Thursday, September 24, 2009

Killing time in Madrid

I've been to Madrid a few times before, but only on short escapes from airports and train stations. Last week-end I finally got the chance to explore it more thoroughly. Here's a taste of what I saw.

I did enjoy my visit, and there *are* nice things to see there. Still, the feeling that walking the city left me with was mainly one of some kind of sadness. The unemployment rate of Spain in general is hovering near the 20 per cent mark, and it's supposedly even higher in Madrid. Even the most schizophrenic of persons can not walk through that city now and think that someone is following him. There's no one around! I may be exaggerating a little bit, but never before have I walked through the centre of a city of millions and seen so few people and so many closed shops. People have no money to spend, so they don't go shopping. Hence the outlets shut down, and even more people become unemployed.

It's a dangerous spiral. Spain has experienced higher unemployment rates before, but they have never seen it climb as fast as it has done these last few months.

Empty city streets are no fun. It's a good thing that there's a great park nearby, where you can walk around and suck in the nice atmosphere. Retiro Park, east of the city centre, is worth an hour or two of lazy walking. Pick a sunny morning after a night full of rain, and you will most likely come upon scenes like the one in the photo above.

If the city centre isn't depressing enough for you, get on the bus to nearby Chinchon. This village south-east of Madrid is traditional and a half. During the summer months the town square is used for bullfighting on Sundays. A few hundred locals, dozens of Madrileños and a few bewildered tourists sit down on the benches surround the ring in the square late in the afternoon. A decidedly amateurish marching band starts playing exactly at six in the evening, and soon thereafter you'll see tormented bulls chasing moustachiod men wearing tight and kitchy clothes. It's like a mix of Borat and Bruno, but it's no joke at all.

Every flower in the village have been stowed away, so that the feminine men will not inspire Ferdinand the Bull to become a pacifist towards the end of his life. One bull lasts about 15-20 minutes. The first five minutes it runs around with such enthusiasm that you almost suspect the animal is enjoying itself. Then two non-smiling men attach banderillas, long spears, into the sides of the bull, and the fun is definitely over. A heavy bleeding begins, and the bull's tongue appears from it's mouth. It's easy to see how the life of the bull escapes from the body.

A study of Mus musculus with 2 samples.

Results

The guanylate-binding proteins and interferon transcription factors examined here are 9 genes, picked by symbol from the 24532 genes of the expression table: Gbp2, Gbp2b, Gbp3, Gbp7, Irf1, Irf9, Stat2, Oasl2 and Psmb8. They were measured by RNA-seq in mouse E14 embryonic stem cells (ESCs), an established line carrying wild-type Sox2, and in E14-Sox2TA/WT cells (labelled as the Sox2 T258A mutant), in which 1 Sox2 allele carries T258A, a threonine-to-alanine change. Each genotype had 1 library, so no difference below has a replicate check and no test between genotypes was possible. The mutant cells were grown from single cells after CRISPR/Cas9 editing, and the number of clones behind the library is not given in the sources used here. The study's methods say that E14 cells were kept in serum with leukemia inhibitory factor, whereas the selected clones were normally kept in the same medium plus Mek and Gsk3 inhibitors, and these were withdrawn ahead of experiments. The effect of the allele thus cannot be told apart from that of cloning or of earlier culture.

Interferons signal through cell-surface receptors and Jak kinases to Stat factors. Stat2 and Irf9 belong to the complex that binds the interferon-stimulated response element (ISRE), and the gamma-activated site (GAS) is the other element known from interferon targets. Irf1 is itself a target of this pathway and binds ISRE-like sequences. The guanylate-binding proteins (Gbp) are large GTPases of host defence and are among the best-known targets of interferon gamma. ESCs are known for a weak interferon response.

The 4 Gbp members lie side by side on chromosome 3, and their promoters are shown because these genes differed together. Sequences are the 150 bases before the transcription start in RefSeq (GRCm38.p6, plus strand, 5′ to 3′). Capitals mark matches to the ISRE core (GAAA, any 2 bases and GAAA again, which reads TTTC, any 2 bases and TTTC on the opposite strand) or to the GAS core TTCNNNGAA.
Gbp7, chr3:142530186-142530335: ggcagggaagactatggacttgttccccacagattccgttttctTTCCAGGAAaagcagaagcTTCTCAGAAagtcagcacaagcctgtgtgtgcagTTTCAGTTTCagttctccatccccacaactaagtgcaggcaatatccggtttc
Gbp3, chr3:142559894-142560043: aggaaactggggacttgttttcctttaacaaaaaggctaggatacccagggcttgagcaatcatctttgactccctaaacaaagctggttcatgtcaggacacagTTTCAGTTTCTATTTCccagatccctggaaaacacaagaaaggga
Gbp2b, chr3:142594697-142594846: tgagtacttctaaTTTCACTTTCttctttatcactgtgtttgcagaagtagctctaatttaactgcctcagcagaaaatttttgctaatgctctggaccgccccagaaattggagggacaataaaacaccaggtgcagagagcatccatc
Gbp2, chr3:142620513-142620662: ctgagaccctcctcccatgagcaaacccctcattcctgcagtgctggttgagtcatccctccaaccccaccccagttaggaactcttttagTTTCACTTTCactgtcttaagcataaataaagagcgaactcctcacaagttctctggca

Eventually a long sword finds its way into the back of the bull, aiming for the heart and the lungs. Soon the "fight" is over. The bull typically remains standing for a couple of minutes, coughing blood and seeming to understand nothing of what goes on. To quicken the arrival of death, the animal is provoked to move it's body this way and that, so that the sword in its body damages the internal organs more and more. The bull falls to its knees. Maybe it gets up again, but soon it falls over on it's side, and the game is over.

I wouldn't have seen this scene in a place where it's all for the tourists. But in a village where people do this because that's what they do and that's what they've always done, I don't think it is so bad. Or, well, it *is* bad, but it's not bad because of me. I think I have a point. Many a bull may disagree with me.

If the Mickey Mouse hat of the toreador does not give you enough of the Disney feeling, you can go to Segovia. The facade of the castle there supposedly inspired Walt Disney to build the central attration of his Magic Kingdom. I, however, prefer the interior of the place. A dozen armors in more or less humorous or awe-inspiring designs. Ceilings with incredibly detailed patterns. Gold, shiny stones and old kings and queens on display up above. And a view towards farmland that must have been just lying around like it does now for centuries, and an enormous aqueduct that has been carrying water into the city for even longer. The Romans knew their stuff. Until they forgot about it, that is.

That'll have to do as my Madrid memories for now. Maybe there will be more later. There certainly are more photos to choose from. But I'm serious about finishing my Turkey gallery before Christmas, so I shall return to them now.

You'll see me again here soon. I promise.